Anyone who reads my reviews will know that I have a particular fondness for politically nuanced Fantasy written by intelligent, talented writers. Her canon of work to date firmly puts McKenna in this category – in fact, I’m frustrated that she isn’t a lot better known. So – would I find this first offering in her latest trilogy up to the mark? After all, this will be her thirteenth book set in this world – can McKenna sustain the originality and range of different situations necessary to keep and extend her readership?
The Archmage rules the island of wizards and has banned the use of magecraft in warfare, but there are corsairs raiding the Caladhrian Coast, enslaving villagers and devastating trade. Barons and merchants beg for magical aid, but all help has been refused so far.
Lady Zurenne’s husband has been murdered by the corsairs. Now a man she doesn’t even know stands as guardian over her and her daughters. Corrain, former captain and now slave, knows that the man is a rogue wizard, illegally selling his skills to the corsairs. If Corrain can escape, he’ll see justice done. Unless the Archmage’s magewoman, Jilseth, can catch the renegade first, before his disobedience is revealed and the scandal shatters the ruler’s hold on power…
The three main protagonists who tell the story are Corrain, the enslaved Caladhrian captain; Lady Zurenne, recently widowed and suffering the depredations of an insolent steward on behalf of the hated and powerful Minelas; and Jilseth, who is Archmage Planir’s favourite fixer. They all face difficult odds – arguably, Jilseth has the hardest, if not the most desperate task. For it falls to her to try and keep the exploits of the outlaw mage from reaching the ears of the Caladhrian nobility – for the Archmage and his Council are only too aware that for all their power, mages are vulnerable to infuriated mobs with pitchforks.
I loved this book, which grabbed me from the moment I read the first page and held me right up until the end. It’s a long book, but at no point did I feel the action sagged – because this book has it all… slavery, magic, political plotting, overbearing nobility and desperate widows… The contrast of characters is perfect – Corrain’s vengeful fury battling with his need to remain suitably submissive as a slave is deftly portrayed. What I like about McKenna, is that she doesn’t see the need to paint her heroes and heroines as faultless or completely likeable. So Corrain makes some significant mistakes – but given the circumstances and his background, it is entirely realistic that he would underestimate anyone physically weaker.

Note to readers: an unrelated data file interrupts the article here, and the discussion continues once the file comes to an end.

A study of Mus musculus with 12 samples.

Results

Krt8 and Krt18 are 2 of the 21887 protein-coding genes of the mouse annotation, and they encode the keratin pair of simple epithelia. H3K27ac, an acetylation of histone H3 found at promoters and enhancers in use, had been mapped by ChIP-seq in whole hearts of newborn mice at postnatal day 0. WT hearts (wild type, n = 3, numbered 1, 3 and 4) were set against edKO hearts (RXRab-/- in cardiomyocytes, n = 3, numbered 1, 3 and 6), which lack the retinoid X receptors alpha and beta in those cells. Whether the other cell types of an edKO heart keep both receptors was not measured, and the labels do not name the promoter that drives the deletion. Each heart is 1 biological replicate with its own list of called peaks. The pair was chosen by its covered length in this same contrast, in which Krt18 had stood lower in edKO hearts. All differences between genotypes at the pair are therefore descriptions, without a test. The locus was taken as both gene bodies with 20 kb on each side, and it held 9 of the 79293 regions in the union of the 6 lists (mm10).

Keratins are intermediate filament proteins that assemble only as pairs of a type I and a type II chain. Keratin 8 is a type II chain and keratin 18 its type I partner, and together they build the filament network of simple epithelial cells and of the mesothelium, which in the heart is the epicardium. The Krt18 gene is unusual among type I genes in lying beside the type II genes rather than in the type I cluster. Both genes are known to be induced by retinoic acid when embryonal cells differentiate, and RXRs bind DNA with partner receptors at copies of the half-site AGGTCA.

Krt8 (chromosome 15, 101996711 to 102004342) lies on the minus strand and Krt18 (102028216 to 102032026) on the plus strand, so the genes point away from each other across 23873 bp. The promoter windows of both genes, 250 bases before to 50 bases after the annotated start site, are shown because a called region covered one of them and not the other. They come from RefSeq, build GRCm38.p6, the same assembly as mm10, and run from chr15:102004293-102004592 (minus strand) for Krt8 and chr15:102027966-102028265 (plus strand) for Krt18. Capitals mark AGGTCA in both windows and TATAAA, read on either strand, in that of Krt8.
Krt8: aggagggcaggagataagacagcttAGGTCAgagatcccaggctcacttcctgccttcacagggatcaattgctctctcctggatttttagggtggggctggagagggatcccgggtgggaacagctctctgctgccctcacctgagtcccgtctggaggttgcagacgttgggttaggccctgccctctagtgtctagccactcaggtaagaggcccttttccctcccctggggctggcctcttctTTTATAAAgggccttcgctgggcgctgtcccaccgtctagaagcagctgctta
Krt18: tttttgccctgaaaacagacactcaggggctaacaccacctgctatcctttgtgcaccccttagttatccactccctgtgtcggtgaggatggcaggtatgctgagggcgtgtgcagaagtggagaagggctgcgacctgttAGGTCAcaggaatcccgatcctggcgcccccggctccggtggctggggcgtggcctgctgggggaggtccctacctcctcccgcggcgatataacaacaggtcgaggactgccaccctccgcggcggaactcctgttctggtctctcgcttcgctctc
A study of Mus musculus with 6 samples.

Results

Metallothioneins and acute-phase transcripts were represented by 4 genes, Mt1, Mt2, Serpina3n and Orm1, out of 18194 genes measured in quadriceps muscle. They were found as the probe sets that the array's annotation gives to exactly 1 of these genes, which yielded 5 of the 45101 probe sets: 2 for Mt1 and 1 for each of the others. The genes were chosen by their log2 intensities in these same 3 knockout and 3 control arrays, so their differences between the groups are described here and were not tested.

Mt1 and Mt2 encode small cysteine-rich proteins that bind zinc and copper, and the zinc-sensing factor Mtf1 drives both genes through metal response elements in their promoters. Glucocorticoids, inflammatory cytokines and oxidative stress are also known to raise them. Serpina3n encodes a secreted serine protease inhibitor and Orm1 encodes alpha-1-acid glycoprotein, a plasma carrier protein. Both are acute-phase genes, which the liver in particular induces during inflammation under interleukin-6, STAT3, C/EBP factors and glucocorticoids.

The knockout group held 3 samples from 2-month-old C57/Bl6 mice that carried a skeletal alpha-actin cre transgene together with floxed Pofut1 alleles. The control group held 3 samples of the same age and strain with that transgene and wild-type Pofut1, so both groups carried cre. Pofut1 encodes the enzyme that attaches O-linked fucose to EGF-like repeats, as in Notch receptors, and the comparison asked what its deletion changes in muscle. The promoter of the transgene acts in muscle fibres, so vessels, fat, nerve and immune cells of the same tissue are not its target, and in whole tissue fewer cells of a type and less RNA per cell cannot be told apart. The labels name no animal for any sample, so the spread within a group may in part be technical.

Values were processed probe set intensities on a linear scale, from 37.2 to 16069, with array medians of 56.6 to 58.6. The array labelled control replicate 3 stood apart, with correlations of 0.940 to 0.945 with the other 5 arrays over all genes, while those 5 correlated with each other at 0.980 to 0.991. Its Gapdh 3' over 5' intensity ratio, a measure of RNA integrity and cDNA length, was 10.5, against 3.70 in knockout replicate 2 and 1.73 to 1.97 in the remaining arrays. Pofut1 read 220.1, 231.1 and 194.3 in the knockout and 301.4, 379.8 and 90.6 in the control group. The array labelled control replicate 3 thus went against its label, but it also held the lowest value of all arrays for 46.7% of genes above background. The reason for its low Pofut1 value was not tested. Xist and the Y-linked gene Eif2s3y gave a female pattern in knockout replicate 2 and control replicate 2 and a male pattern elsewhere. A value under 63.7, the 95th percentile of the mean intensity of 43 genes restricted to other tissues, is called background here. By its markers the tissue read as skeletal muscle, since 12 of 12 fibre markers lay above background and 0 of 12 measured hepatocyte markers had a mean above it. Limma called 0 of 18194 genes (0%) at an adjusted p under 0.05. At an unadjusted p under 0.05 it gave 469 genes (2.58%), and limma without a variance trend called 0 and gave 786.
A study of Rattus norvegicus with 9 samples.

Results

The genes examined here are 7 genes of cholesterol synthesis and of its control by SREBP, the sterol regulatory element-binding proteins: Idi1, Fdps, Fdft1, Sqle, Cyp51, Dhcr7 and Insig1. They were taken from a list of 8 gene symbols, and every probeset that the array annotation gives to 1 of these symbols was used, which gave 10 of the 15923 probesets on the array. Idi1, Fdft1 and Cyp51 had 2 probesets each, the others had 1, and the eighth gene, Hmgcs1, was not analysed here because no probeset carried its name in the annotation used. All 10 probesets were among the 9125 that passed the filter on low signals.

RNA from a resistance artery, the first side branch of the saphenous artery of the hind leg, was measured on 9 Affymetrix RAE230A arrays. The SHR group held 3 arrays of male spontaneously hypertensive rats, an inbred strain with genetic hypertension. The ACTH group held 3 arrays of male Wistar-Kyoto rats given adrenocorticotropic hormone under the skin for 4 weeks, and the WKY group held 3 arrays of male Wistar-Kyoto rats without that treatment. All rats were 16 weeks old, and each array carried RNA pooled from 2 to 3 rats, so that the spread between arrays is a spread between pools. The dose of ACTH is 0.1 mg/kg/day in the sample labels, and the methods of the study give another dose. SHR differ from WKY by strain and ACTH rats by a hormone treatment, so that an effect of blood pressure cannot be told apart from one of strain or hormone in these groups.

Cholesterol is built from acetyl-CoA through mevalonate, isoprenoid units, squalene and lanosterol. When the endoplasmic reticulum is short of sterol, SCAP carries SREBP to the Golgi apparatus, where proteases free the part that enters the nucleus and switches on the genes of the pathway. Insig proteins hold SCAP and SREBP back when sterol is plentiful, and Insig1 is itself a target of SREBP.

Jilseth is the most capable of the protagonists – and yet, she cannot sustain her stance of disinterestedness, despite her best efforts. I particularly enjoyed the friction between the magewoman and Lady Zurenne, when Jilseth is trying to discover exactly what is going on. I’ve read a couple of reviewers who were frustrated that Lady Zurenne seemed unable to break free of the rules stifling her ability to act as a free agent. Apparently, they were waiting for her to arm her feisty eldest daughter with a sword and turn her into some female warrior… McKenna has managed to resist the modern trend in historical fantasy of abruptly emancipating her female characters, thank goodness. It is a trend that intensely annoys me.
It suggests that our female forebears merely needed to pull themselves together, learn a few defensive moves, grab a handy weapon and they would be able to operate just fine alongside their menfolk. But as Lady Zurenne’s reactions and instincts clearly demonstrate – no matter how outrageously unfair the law may be to women, it is a far harder business to defy legal and social conventions. If it wasn’t, millions of women wouldn’t be still struggling across the planet in the face of daily injustice and discrimination. I think she rises to the challenge of keeping herself and her daughters safe magnificently and one of the reasons why Jilseth can no longer remain completely impartial, is witnessing Lady Zurenne’s plight – and her gritted courage in coping with it.
As you may have gathered, I really enjoyed this book. McKenna’s nuanced, smart writing presents her world as every bit as messy and complicated as ours – and though this book and series is nested within a very well established setting, at no time does the author rely on a reader’s prior knowledge of her previous output in order to make sense of this one. Which is a harder trick to pull off than you might think – or maybe not, given how few writers really manage to do it.
So, though I would recommend that you dive into McKenna’s world if you are looking for intelligently written, three dimensional fantasy, there is no reason why you shouldn’t start with this particular series. In fact, I strongly recommend you do so – you’ll be thanking me if you do.